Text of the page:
Whitmer orders closure of all K-12 schools, City of Ann Arbor implements precautions
Editor's Note: This article has been updated to reflect additional City of Ann Arbor changes announced Friday afternoon, including the closure of City Hall to the public until April 5.
Gov. Gretchen Whitmer ordered a shutdown of all K-12 schools in Michigan until April 5 in an attempt to slow the spread of the COVID-19 virus.
In a press release Thursday evening, Whitmer said the closure of all public, private and boarding schools is a necessary step to protect Michigan's children, families and overall public health.
“I am working with partners across state government to ensure educators, parents, and students have the support they need during this time, and to ensure our children who rely on school for meals have access to food,” Whitmer said in the press release. “I know this will be a tough time, but we’re doing this to keep the most people we can safe. I urge everyone to make smart choices during this time and to do everything they can to protect themselves and their families.”
Hours before Whitmer's announcement, Ann Arbor Public Schools closed its schools through April 6 in response to COVID-19, according to a letter from Superintendent Jeanice Swift published Thursday afternoon. Schools will be open for a half-day on Friday.
In her letter, Swift wrote the school system will monitor the situation throughout the closure. She noted AAPS is taking action in alignment with the Washtenaw County Health Department, the City of Ann Arbor, the Washtenaw Intermediate School District, other area Washtenaw school districts and the Michigan Department of Education, but it is a preventative, not reactive, measure — there is no currently known case of COVID-19 in the school system.
“These are sobering days for all of us in confronting the COVID-19 pandemic,” Swift wrote. “We understand that this situation is likely to impact almost every aspect of our lives, and we know we must work together like never before to help each other as individuals, neighbors, and as a community.”
The return date, April 6, is the Monday directly following AAPS’s originally scheduled, week-long spring break.
Swift cited the need to “flatten the curve” in making their decision, a term Michigan Medicine has used to describe the importance of taking preventative action within communities to avoid having large numbers in hospitals.
“During these upcoming two weeks we will be working alongside our excellent teachers, staff, and administrators to ensure learning opportunities will continue in the Ann Arbor Public Schools,” Swift wrote. “Like many other things in our lives, this will look a little different. These plans are still developing, and though they will not be the same as what we enjoy now, students in our classrooms with our teachers, learning will continue in the AAPS.”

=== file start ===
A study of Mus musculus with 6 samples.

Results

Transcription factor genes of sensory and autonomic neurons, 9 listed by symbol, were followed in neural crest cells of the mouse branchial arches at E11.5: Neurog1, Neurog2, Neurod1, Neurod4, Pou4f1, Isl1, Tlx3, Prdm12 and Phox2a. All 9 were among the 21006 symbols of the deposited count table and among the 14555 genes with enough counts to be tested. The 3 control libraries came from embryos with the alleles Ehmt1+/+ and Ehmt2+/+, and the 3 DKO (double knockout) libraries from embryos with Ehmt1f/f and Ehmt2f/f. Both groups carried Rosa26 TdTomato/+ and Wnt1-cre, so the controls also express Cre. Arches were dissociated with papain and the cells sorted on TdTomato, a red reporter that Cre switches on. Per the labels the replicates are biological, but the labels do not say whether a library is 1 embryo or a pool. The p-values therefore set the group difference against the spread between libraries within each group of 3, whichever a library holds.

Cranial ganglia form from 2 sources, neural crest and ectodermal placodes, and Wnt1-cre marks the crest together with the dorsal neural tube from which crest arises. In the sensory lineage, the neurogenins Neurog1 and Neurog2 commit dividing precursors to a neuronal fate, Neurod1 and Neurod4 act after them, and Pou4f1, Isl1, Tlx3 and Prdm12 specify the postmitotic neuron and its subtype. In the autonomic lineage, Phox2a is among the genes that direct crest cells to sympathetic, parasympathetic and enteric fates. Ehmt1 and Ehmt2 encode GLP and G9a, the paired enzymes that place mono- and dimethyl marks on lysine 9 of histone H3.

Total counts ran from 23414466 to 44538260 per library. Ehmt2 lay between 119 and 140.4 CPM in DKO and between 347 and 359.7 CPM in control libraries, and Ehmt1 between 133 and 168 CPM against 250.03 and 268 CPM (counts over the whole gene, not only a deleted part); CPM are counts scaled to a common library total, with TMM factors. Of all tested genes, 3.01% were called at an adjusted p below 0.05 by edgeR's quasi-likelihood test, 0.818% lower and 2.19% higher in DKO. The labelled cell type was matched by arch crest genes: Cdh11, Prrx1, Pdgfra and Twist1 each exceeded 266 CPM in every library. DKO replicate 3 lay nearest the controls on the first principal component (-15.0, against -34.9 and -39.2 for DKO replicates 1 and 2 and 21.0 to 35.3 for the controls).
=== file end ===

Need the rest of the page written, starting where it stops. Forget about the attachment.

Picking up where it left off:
She also noted the half-day will be used for students to collect books and personal items and connect with teachers before the extended school closure begins. After-school care and certain spring break programs have also been canceled.
Swift said they will continue to provide meals for students who rely on school meals to eat. Staff will also be compensated for this extended closure, Swift said.
The decision followed Saline Area Schools announcing Wednesday that it will close its school system until April 6. According to a letter published online, Superintendent Scot Graden noted students will not be required to complete coursework remotely
“This is an unprecedented emergency school closure and a public health situation that is rapidly evolving,” Graden wrote.
In line with the AAPS closure, the City of Ann Arbor announced the implementation of additional precautions beginning tomorrow until April 5.
An email sent to community members Thursday evening said all city-permitted events expecting 50 or more attendees are canceled, and events with fewer than 50 attendees must address proper social distancing procedures. The Ann Arbor Farmers Market will close on March 14 and all parks facilities have closed.
An email on Friday afternoon announced Ann Arbor City Hall will be closed to the public until April 5. According to the email, critical services such as drinking water, waste water, police, fire and emergency operations will not be affected. Curbside trash and recycling pickup will continue as scheduled for now.
City staff will continue to conduct city business during regular business hours through the phone, email or online. Residents can pay for parking tickets and bills, apply for permits and access other city services at www.a2gov.org/services, by calling 734-794-6320 or emailing firstname.lastname@example.org.
Hash Bash, an annual marijuana-focused event held in the Diag in April, has been postponed. The student group usually responsible for organizing the event will not be able to get a permit, as the University of Michigan has banned events with more than 100 people.
City Council meetings will continue to be held, but the city encourages the public to watch the live stream meetings and use comments if they would like to comment on items on the agenda.
In an interview with The Daily, Ann Arbor Mayor Christopher Taylor advised Ann Arbor citizens and University of Michigan students to take precautions to slow the spread of the COVID-19 virus, such as washing their hands and practicing social distances.
“I want Ann Arbor residents and students to both remain calm and vigilant,” Taylor said. “It’s important that people take this seriously, that they take personal responsibility for their own personal hygiene and hygiene as it applies to others.”